Flexibility leads to optimal solution for client

In the eyes of conventional bankers with a box-ticking mentality, flexibility is a sign of weakness. They see rules about to be broken, with their own best interests in jeopardy and an adverse impact on the bottom line. If every business deal that needed to be financed followed a rigid formula, that view might even be justified.

But in the real world of the SME – a broad canvas that covers 90% of UK businesses by employment – few companies observe a cookie-cutting conformity. Small businesses are as diverse as the people who run them: the micro enterprises in that spectrum are often run by individuals very closely identified with the business and who make all of the decisions single-handed.

Providing financial assistance for the SME is never going to be easy, therefore. Those involved in arranging or providing funds for this sector need to be flexible and responsive, while seeking to control the risks associated with the proposition. In order to serve the interests of the business and the funder, it is necessary to guide applicants to the source of finance most appropriate to their needs, even if it means an institution walking away from a potentially attractive financial return.

It takes experience – and a deep understanding of the marketplace – to be able to open the right doors and support both parties with accurate information and an honest appraisal. If handled correctly, the SME gets the funding it needs, while the lender (for it is usually loan finance rather than equity which is needed) is comfortable with the risks.

Would TAEFL provide funds for security company?

A company from the East Midlands was recently introduced to the team at Trade & Export Finance by its financial adviser who had seen that company initiate support for clients at every level from funding an order, to advising on a change of bankers  and sponsoring companies on peer-to-peer lending platforms. Its client provides specialist security facilities under contract to public and private sector organisations in the region. It was seeking additional working capital; in part to expand its operations, but also to permit the controlled exit of the founding shareholder.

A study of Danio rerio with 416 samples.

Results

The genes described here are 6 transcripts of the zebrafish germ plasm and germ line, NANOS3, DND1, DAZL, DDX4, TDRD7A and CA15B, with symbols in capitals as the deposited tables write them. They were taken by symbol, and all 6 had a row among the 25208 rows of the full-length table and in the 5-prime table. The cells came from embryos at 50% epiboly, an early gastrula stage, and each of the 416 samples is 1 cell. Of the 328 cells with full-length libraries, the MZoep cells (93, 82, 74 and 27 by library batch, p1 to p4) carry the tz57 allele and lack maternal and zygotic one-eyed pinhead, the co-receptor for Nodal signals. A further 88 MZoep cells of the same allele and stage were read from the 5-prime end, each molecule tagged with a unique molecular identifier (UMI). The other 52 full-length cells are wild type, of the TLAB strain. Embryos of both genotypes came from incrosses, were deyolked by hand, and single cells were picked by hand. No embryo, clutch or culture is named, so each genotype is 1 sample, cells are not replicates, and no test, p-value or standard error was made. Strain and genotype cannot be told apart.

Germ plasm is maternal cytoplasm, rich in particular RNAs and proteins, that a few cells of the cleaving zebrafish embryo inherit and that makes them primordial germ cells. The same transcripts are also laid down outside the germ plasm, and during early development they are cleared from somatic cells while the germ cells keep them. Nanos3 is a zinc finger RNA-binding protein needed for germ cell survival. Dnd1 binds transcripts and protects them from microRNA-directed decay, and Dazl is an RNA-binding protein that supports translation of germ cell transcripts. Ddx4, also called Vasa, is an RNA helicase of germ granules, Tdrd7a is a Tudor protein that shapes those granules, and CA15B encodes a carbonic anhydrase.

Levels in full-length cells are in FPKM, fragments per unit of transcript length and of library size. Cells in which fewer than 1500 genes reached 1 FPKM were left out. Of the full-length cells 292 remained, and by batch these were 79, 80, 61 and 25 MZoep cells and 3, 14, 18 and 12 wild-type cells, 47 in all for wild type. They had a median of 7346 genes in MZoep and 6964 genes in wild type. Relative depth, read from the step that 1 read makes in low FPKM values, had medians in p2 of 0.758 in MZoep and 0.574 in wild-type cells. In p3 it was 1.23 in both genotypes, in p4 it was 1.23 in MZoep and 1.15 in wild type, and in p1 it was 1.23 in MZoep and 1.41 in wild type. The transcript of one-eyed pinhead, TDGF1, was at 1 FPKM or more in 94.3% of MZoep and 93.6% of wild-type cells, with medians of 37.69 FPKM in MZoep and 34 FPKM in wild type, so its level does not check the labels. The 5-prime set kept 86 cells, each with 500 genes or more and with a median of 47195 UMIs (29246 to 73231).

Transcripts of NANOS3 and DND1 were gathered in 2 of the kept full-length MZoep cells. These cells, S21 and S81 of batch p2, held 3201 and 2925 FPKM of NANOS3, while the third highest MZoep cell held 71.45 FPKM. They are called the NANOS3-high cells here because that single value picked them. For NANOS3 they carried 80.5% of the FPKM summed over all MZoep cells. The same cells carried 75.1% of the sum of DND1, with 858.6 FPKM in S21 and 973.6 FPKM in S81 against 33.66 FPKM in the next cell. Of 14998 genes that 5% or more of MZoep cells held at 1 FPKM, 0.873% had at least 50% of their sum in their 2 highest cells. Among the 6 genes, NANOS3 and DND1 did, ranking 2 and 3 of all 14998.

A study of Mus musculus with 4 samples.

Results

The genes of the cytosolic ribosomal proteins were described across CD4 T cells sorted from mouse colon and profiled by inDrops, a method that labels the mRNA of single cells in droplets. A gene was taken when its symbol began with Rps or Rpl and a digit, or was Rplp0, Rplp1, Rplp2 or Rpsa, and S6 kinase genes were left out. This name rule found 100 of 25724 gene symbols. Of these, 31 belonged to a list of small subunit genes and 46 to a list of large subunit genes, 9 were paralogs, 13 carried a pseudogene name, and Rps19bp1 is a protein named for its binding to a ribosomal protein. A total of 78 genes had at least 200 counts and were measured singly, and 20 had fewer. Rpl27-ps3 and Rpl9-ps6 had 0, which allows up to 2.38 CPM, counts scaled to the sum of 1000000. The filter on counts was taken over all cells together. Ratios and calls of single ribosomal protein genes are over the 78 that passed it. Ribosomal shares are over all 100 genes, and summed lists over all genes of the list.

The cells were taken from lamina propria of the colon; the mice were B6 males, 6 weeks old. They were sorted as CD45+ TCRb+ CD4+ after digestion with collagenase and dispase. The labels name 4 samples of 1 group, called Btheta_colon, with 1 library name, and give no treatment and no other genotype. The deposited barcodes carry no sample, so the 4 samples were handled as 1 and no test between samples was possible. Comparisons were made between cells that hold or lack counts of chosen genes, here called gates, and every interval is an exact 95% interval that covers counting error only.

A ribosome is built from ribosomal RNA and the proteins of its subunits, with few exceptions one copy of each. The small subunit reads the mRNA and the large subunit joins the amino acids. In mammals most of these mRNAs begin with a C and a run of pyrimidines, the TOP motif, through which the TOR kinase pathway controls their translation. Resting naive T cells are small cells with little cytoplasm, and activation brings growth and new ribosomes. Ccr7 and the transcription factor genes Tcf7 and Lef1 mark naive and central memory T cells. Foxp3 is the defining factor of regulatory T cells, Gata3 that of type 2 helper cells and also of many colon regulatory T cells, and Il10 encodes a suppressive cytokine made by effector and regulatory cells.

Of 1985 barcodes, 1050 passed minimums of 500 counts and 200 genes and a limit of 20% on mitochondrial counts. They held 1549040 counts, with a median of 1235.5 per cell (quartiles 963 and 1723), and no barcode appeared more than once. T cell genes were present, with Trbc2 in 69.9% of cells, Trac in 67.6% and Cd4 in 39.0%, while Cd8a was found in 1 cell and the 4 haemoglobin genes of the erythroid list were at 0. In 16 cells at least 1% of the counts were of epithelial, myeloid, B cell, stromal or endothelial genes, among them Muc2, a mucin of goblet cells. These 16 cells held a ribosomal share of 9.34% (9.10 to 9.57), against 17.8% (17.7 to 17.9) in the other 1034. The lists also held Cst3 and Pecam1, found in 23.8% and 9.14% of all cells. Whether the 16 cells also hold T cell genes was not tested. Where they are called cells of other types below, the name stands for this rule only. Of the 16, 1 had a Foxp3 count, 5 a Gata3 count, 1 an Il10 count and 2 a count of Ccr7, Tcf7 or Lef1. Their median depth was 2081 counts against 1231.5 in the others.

An option would have been for TAEFL to arrange finance against the value of the contracts it holds. One is with a high profile retailer on whom TAEFL could easily have taken credit insurance to secure any funds it provided. UK EXIM and UK EXIM Finance were both established by Trade & Export Finance to provide specialist finance in situations like this.

On analysing the requirements of the security company, however, it was felt that these could be met more effectively through a simple invoice discounting arrangement with a leading player in that field. TAEFL made the introduction and ensured that the case for funding was presented in the best light. The deal was completed on terms which were acceptable both to the client and the invoice discounter.

TAEFL opened its doors seven years ago essentially as a financial consultancy guiding clients as they changed bankers, for example, or writing Letters of Credit for export deals. In helping the security company identify and then address the third party best able to assist, the TAEFL team was continuing this tradition of providing a flexible response to SME requirements. As a result, the security firm went away satisfied and the invoice specialist gained a well-researched client. And the Trade & Export Finance team felt it was a job well done; a real success story.